What a difference a couple of years makes.
In 2008, gun-wielding police commandos raided BP's Moscow offices in what many saw as an attempt to pressure the company to relinquish control of its Russian joint venture. Its American chief, Robert Dudley, fled the country after police questioned him for five hours over alleged tax fraud.
Last week Dudley was back in Moscow. Now CEO of BP, he sat smiling next to Prime Minister Vladimir Putin, who praised the firm's major new deal with Russia's state-controlled Rosneft oil company.
"This project may become very big and have a significant influence on the global oil and gas industry," Putin said.
Dudley said he hoped the $8 billion deal to develop massive oil deposits under the Arctic Kara Sea -- and swap shares between the two companies -- would send a "strong signal about the possibilities of investment cooperation in Russia."
BP has dismissed criticism of its deal with Rosneft as "political," saying the company is in Russia to conduct business. But critics counter the agreement is political. They say the Kremlin is using BP to "legitimize" its forced takeover of the country's oil industry.
The deal comes less than a month after former oil tycoon Mikhail Khodorkovsky was jailed for a second time on charges that opposition leaders say are fabricated because he poses a political threat to Putin. Last decade, Khodorkovsky's Yukos oil company was broken up and sold in a shady auction to a state-controlled company, part of the Kremlin's drive to put the energy industry back under state control. Yukos's best assets went to Rosneft, making it the country's biggest oil company.
Some Yukos shareholders filed suit abroad and hope last month's ruling by a Swedish court for the Russian government to pay compensation to one of them will set a precedent.
In Moscow, critics see the BP deal as an attempt to help protect Rosneft in the future by "diluting" the company's ownership of what they believe to be stolen assets. Opposition leader Boris Nemtsov says Putin hopes that injecting western capital into Rosneft will blunt criticism over Khodorkovsky's treatment.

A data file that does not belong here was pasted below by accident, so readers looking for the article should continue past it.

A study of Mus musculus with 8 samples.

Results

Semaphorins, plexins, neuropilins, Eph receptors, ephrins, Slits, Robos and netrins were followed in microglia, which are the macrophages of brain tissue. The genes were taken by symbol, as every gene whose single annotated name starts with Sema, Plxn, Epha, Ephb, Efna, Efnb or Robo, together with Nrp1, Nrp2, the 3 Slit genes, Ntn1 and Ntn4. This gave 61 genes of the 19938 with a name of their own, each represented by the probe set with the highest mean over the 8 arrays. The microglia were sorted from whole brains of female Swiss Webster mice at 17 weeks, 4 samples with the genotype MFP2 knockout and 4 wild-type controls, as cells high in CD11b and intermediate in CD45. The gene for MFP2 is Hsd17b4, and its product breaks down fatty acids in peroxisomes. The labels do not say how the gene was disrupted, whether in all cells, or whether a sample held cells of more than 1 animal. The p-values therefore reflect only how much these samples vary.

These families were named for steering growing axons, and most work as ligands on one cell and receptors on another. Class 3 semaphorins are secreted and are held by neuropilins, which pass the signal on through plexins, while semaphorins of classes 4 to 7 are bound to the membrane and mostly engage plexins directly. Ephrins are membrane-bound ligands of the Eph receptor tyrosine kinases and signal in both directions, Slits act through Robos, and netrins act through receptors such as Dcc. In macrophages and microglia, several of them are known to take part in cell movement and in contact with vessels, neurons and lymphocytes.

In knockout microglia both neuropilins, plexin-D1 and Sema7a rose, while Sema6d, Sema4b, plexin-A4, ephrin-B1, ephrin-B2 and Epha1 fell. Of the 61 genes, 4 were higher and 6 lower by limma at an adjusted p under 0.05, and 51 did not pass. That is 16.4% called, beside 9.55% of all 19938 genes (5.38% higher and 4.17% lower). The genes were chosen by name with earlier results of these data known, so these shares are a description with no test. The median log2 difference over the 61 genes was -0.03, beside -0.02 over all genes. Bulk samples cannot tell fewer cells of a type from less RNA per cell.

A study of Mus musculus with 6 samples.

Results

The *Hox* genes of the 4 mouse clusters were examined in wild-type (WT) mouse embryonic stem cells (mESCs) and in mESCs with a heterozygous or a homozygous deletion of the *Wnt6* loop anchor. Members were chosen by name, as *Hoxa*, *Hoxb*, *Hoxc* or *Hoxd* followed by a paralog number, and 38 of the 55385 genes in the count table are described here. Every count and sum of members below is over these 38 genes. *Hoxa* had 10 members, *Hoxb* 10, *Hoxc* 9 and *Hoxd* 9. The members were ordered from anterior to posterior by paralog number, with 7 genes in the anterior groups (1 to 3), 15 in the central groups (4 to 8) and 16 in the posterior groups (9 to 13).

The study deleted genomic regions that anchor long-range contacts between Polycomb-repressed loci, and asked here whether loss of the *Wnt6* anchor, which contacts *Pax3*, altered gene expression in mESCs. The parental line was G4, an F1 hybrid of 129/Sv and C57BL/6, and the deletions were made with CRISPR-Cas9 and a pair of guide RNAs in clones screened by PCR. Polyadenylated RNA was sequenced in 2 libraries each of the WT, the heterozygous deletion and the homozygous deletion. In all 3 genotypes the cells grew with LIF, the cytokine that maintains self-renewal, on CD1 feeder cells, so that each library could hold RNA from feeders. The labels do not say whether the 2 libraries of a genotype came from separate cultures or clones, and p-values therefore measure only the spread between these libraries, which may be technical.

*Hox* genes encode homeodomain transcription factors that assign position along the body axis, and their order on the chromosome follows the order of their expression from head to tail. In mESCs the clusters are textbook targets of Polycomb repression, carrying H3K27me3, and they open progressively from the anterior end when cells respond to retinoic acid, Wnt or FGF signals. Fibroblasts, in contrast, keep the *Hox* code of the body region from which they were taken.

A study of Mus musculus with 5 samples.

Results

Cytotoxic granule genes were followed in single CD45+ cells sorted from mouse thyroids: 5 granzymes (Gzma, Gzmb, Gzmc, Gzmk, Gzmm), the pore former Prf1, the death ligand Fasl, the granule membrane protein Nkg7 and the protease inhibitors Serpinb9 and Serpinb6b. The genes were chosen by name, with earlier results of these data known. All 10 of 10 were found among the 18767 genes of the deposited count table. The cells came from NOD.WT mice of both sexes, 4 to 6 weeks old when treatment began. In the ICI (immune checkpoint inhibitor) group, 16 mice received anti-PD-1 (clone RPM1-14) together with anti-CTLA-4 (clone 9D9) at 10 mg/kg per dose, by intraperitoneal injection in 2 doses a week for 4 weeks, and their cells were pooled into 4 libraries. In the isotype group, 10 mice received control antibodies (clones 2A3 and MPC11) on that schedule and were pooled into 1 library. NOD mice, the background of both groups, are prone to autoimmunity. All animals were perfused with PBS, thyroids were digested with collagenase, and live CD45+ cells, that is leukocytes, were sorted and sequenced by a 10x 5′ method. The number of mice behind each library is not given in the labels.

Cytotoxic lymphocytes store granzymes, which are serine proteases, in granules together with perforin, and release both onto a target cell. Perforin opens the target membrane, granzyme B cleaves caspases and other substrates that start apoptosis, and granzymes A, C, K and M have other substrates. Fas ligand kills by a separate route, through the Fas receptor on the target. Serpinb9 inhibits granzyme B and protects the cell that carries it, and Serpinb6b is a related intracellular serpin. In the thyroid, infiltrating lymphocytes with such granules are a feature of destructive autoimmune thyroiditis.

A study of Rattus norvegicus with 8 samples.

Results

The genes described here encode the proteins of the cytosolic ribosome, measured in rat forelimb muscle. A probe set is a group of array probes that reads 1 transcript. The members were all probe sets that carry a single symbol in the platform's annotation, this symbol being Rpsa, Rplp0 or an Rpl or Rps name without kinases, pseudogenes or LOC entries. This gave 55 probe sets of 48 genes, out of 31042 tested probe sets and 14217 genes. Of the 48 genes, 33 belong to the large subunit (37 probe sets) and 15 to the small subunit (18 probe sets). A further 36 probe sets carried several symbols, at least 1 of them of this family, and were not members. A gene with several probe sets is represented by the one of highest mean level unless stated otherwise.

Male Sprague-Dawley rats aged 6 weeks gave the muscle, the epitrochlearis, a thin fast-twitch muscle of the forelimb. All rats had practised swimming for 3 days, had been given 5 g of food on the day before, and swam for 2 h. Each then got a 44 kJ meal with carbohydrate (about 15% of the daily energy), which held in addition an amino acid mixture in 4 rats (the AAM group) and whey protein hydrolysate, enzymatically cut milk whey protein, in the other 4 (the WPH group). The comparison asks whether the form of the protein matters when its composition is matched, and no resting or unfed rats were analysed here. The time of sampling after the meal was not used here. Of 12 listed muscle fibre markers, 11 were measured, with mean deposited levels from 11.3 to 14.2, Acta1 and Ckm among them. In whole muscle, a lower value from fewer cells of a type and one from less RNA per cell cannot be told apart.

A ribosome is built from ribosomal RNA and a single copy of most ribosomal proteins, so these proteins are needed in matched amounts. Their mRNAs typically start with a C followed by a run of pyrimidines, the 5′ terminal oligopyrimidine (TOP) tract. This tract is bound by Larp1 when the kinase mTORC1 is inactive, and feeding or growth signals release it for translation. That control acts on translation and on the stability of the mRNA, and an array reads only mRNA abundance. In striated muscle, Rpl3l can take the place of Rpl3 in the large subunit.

"[The BP deal] is a very bad decision," he says, "showing that the fundamental values of human rights and property rights are just words that are forgotten when the issue is money."
Nemtsov says he believes Western courts will ignore the BP deal, which prompted some American politicians to call the company "Bolshoi Petroleum."
Clamoring To Invest
BP sought to deflect the criticism on January 18 when its head of operations in Russia, Jeremy Huck, told Radio Ekho Moskvy that questions about Yukos are political, saying BP is in Russia to "do business."
"The projects we're planning with Rosneft are sanctioned by the Russian government," he said. "The question about where those assets are from, that's better asked of Rosneft or the government."
Industry experts say that argument will probably fall on deaf ears. Oil and gas analyst Alexei Kokin of the UralSib financial corporation says Rosneft is paying BP handsomely by promising access to huge Arctic reserves, but says the companies' share swap won’t minimize Rosneft's risk.
"The Swedish court came to some major decisions about Yukos that other courts may use as guiding principles," he says.
Still, that's unlikely to hurt business in Russia. Conventional wisdom has long said actions such as Khodorkovsky's arrest and the forced takeover of assets belonging to Yukos, BP and a host of other companies scare off western investors, depriving the country of desperately needed capital.
In fact, Western companies have clamored to invest because once in, those with the knowledge and power to operate in Russia face much less competition than elsewhere.
Political expert Stanislav Belkovsky says last week's deal is especially important for BP in the aftermath of its major oil spill in the Gulf of Mexico last summer, when the company first approached Russia for support.
"BP agreed to the deal, essentially legalizing the Yukos takeover," he says, "not least because it needs the cash to help solve its internal problems."
The deal will give Rosneft crucial help extracting oil under extreme conditions in a region that environmental groups say could suffer without the development of safer technology.
It also fits a broad Kremlin strategy to boost its political influence abroad by signing lucrative deals with energy companies in countries across Europe.
"From the moment the deal goes into effect, all BP's lobbying power will be used to improve relations between Russia and Great Britain," Belkovsky says. "Although that doesn’t necessarily mean it will happen because the British elites are very wary of the Russian leadership."
The deal's ramifications aren't yet clear. U.S. diplomatic cables leaked on the Wikileaks website indicate Rosneft will soon take over BP's Russian joint venture, TNK-BP, that was at the center of BP's troubles two years ago. If true, it would give the Kremlin even more control over the country's oil industry.
For BP, last week's agreement will secure future growth after some questioned the company's very survival in the wake of the disastrous Gulf of Mexico spill. Whether the deal does anything to improve its blackened image is another matter.